Movie News & Reviews

Full Frame: Program curator explores filmmaking ethics

A still from the film “Manufactured Landscapes,” by filmmaker Jennifer Baichwal.
A still from the film “Manufactured Landscapes,” by filmmaker Jennifer Baichwal. Zeitgeist Films

Filmmaker Jennifer Baichwal – guest curator at this year’s Full Frame Documentary Film Festival – is used to tangling with knotty ethical issues.

Before turning to film, Baichwal studied philosophy and theology at McGill University in Montreal. She has since directed and produced seven feature documentaries, including the 2002 film “The True Meaning of Pictures,” which explores the ethics of representation in documentary photography. Her most recent film, “Watermark” – co-directed with photographer Edward Burtynsky – addresses humankind’s spotty stewardship of water resources around the planet.

All of which makes Baichwal a perfect candidate to assemble this year’s Thematic Program at Full Frame, concerning questions of ethics in documentary filmmaking. Specifically, the program asks how filmmakers grapple with the ethical portrayal of people, places and provocative content in nonfiction films. Featuring titles from filmmakers including Errol Morris (“Gates of Heaven”) and Lauren Greenfield (“The Queen of Versailles”), the Thematic Program spans multiple film screenings, Q&As and panel discussions. For information about events and tickets, see

Speaking from her home in Toronto, Baichwal talked about her plans for this year’s festival.

Q: How did you go about programming the films and topics for this series on ethics in documentary filmmaking?

A: Well, I started off in philosophy and theology at university, before I even became a filmmaker. I decided to make films because those questions that preoccupied me in school, I wanted to explore them in a more accessible medium. From the very beginning, when I started as a documentarian, I realized that ethics around the politics of representation were at the forefront of every aspect of documentary filmmaking – where you choose to point the lens, what you choose to film, how you choose to edit the material and present it.

Without having your ethical position in mind all the time when you’re working, you can stray into really dangerous territory in terms of exploitation of subject.

Q: There is often a misconception in popular culture, I think, that documentary films are supposed to be somehow “objective” – like hard news or scientific scholarship.

A: I do agree that the idea of objectivity is troublesome. Believe me, even so-called hard news is coming from a particular perspective ... but it’s being presented as objective truth. As we become more media-literate, we can unpack those biases. You can see it when two different newspapers – a right-leaning paper and a left-leaning paper – are reporting on the same news. They will each have a very different perspective on a particular subject.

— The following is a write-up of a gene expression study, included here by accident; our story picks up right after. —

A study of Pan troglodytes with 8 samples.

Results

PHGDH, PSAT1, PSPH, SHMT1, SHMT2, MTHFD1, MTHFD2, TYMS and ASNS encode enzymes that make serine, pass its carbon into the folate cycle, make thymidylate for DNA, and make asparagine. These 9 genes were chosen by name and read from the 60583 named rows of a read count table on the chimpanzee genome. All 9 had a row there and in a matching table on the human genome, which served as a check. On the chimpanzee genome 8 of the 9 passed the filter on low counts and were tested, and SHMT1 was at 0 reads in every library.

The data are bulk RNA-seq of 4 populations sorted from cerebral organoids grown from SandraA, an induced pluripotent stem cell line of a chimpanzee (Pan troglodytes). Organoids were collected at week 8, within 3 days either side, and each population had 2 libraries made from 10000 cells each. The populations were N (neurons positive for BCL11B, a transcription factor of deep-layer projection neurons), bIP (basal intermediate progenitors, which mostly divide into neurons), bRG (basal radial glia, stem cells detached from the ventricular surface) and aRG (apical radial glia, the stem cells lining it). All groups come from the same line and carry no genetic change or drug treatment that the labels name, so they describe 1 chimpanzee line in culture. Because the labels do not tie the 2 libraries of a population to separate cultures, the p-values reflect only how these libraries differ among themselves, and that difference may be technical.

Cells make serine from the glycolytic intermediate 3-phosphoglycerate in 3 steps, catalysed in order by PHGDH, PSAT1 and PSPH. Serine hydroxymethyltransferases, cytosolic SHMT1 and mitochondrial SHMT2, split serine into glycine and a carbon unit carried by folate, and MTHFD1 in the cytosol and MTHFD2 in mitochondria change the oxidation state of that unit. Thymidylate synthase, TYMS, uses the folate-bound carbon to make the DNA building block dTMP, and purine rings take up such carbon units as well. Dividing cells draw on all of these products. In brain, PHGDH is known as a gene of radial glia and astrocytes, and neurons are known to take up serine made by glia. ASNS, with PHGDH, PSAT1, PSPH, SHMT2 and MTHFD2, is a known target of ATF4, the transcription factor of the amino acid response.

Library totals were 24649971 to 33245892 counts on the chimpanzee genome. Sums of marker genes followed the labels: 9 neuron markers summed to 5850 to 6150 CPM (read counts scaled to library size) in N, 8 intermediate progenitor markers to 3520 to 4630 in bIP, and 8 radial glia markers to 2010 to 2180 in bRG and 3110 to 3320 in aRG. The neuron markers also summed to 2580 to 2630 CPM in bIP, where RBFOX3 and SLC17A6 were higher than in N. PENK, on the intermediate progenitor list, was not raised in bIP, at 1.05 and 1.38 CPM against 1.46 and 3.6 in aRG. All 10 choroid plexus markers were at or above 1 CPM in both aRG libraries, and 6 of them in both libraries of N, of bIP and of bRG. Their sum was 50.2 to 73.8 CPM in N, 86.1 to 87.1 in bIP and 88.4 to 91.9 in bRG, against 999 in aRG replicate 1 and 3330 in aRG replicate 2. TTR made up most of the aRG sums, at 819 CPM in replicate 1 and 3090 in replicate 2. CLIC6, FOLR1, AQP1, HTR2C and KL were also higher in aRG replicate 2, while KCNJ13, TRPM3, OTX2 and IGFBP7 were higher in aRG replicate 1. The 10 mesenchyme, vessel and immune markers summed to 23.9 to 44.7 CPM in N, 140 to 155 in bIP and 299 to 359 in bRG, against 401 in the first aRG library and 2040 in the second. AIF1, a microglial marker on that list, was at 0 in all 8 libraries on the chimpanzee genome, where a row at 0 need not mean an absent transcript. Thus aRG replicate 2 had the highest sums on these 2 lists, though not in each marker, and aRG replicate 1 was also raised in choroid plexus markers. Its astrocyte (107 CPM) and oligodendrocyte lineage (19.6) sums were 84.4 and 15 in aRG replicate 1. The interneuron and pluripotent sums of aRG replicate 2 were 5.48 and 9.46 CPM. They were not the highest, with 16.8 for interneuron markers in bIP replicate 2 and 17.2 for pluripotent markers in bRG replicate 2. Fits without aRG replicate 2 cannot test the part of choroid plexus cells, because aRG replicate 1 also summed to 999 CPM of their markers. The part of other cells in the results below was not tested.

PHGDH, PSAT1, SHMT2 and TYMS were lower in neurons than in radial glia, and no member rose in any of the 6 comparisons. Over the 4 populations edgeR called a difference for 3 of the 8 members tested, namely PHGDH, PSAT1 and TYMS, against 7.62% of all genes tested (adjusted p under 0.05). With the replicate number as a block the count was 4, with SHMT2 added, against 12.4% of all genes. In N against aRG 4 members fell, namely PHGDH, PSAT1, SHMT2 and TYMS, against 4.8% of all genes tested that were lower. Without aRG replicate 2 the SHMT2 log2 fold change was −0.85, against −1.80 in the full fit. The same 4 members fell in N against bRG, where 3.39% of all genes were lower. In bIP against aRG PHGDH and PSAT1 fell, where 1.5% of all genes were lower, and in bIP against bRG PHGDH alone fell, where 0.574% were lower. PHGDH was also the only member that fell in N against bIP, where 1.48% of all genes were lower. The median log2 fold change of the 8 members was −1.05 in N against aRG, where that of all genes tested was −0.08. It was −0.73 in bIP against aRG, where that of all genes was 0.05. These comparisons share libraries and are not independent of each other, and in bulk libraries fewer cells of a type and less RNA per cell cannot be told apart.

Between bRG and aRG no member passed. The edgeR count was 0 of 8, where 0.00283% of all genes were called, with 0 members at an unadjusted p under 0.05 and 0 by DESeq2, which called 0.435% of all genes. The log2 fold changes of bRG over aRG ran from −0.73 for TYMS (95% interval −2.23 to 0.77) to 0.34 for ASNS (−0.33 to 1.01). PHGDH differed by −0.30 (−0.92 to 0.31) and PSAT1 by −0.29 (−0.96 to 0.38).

In documentary film, I don’t think that being ethical means driving for objectivity, because I think that’s impossible. But I do think that truth is possible in documentary film. It’s the kind of truth that comes from an authentic and respectful relationship with the subject. It’s different in every situation, I think.

The films that we chose for the program are very much films that raise these questions. What story am I being told? What is the tension between representation and respect of subject?

Q: One of the films in the program, “The Queen of Versailles,” generated some controversy over allegations that some scenes were rather extensively staged for effect. Is that an aspect of the ethical issues you’re exploring in the program?

A: Well, that’s an intriguing question. Documentary filmmakers each have a very personalized idea about how far it is possible to stage something. I’m kind of a purist in that respect. I find it difficult even moving things around in a shot so that they look better in a particular context. I feel like I’m interfering with things. I don’t like asking people to repeat things in interviews, to say it a different way or to say it better. I realize that’s kind of an extreme perspective.

I never go into situations with a script or an idea of exactly what I want. Hence, we have very high shooting ratios in our films – like 180 to 1. I like to find the story in the editing room.

One of the reasons that I chose “The Queen of Versailles” is that, as viewers, we’re in this slightly uncomfortable position. There’s something entertaining about it. There’s something slightly voyeuristic about it. You feel like you’re getting a window into this crazy world that you would never be part of. But at the same time, you’re asking yourself – what is the agreement that they had about this filming?

Q: So these are the kinds of questions you hope to dig into with the panels and Q&As?

A: Right, that’s the whole point and why I’m so excited about doing this. The idea is that we get to have these discussions afterward. I’m not saying that my view is right. It’s just my view as a filmmaker. I’d like to hear a really good argument for another way. There will be lots of opportunity for discussion.

Q: Have you attended Full Frame previously?

A: I haven’t, actually, and I think that almost all of our films have played at Full Frame. It’s just the timing. I have two kids, and Full Frame is always right around spring break and Easter time, when the kids are off and we have family obligations.

I’ve always wanted to go. It’s very intelligently curated. There are not many festivals like that. It has a prestigious reputation because of that – because of its love of the documentary form. I was honored to be asked and I’m very glad to be coming.